When employees have to fake a persona that is in direct conflict with their real emotions, they are experiencing what is called emotional dissonance. Research shows that emotional dissonance is a stressor to employees; negatively affecting both employee performance and well-being. On the other hand, sometimes the ability to fake positive emotions (surface acting) leads to feelings of personal accomplishment and job satisfaction. So which is it? A recent study (Pugh et al., 2011) suggests that it largely depends on the person.
THE RESEARCH FINDINGS
The study suggests that while some employees don’t mind faking their emotions, others find it necessary to display their true emotions. Furthermore, some employees are confident in their surface acting abilities, while others are very unsure.
In positions that require high levels of surface acting, employees who are more strongly opposed to surface acting and who are not confident in their abilities to fake positive emotions are much more apt to experience negative consequences such as emotional exhaustion or job dissatisfaction.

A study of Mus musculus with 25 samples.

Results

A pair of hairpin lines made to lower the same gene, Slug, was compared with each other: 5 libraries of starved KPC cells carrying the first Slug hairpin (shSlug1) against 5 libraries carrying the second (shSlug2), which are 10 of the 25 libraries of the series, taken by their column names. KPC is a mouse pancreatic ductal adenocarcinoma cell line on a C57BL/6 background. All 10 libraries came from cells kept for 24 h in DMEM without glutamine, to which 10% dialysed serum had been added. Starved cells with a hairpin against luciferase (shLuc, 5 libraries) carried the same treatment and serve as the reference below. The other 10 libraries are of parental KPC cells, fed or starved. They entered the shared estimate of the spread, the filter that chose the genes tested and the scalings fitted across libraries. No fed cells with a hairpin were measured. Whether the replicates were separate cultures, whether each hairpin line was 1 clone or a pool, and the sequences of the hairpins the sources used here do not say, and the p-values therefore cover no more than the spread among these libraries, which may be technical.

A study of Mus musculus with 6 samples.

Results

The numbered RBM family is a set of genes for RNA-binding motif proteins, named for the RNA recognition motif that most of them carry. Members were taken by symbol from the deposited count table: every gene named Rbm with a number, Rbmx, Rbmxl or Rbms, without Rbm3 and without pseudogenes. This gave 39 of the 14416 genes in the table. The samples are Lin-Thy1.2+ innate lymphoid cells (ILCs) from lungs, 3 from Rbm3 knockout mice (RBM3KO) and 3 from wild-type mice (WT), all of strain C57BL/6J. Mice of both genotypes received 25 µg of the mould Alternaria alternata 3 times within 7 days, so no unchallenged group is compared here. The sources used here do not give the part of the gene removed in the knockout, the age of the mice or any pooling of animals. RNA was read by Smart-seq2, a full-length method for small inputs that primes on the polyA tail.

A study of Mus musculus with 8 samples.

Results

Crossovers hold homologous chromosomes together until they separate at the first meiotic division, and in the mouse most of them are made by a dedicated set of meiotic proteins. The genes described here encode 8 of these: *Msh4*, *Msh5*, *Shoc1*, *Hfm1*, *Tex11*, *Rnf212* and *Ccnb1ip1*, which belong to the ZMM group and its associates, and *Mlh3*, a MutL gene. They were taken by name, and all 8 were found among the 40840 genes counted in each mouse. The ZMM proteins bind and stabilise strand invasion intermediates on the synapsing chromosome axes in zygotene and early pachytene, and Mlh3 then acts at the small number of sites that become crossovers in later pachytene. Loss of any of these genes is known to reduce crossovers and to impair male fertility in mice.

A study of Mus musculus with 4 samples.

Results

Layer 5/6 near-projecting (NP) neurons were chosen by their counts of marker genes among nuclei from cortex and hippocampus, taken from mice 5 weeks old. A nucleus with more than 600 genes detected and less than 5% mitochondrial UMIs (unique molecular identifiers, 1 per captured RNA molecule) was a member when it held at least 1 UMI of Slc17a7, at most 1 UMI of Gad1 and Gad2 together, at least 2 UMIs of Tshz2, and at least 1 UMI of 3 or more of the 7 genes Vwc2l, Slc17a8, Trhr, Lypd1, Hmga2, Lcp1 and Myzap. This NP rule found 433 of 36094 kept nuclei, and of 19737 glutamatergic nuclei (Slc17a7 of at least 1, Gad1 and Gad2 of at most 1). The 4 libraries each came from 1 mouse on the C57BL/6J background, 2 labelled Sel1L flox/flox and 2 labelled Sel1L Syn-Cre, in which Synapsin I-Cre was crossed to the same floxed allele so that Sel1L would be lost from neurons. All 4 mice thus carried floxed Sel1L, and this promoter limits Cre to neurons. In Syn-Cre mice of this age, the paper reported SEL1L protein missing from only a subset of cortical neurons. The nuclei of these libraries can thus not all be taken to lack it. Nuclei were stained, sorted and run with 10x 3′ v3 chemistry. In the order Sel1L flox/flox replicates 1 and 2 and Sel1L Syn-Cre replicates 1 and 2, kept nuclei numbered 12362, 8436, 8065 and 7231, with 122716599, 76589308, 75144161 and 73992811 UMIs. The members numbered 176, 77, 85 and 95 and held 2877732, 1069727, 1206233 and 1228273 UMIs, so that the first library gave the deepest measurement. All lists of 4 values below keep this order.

THE BOTTOM LINE
Organizations are urged to investigate employee perceptions of surface acting and match employees to positions based on the amount of surface acting that is involved. A match is sure to pay off in the form of higher job satisfaction, lower emotional exhaustion, and lower turnover intentions.
Pugh, S.D., Groth, M. & Hennig-Thurau, T. (2011). Willing and able to fake emotions: A closer examination of the link between emotional dissonance and employee well-being. Journal of Applied Psychology, 96(2), 377-390.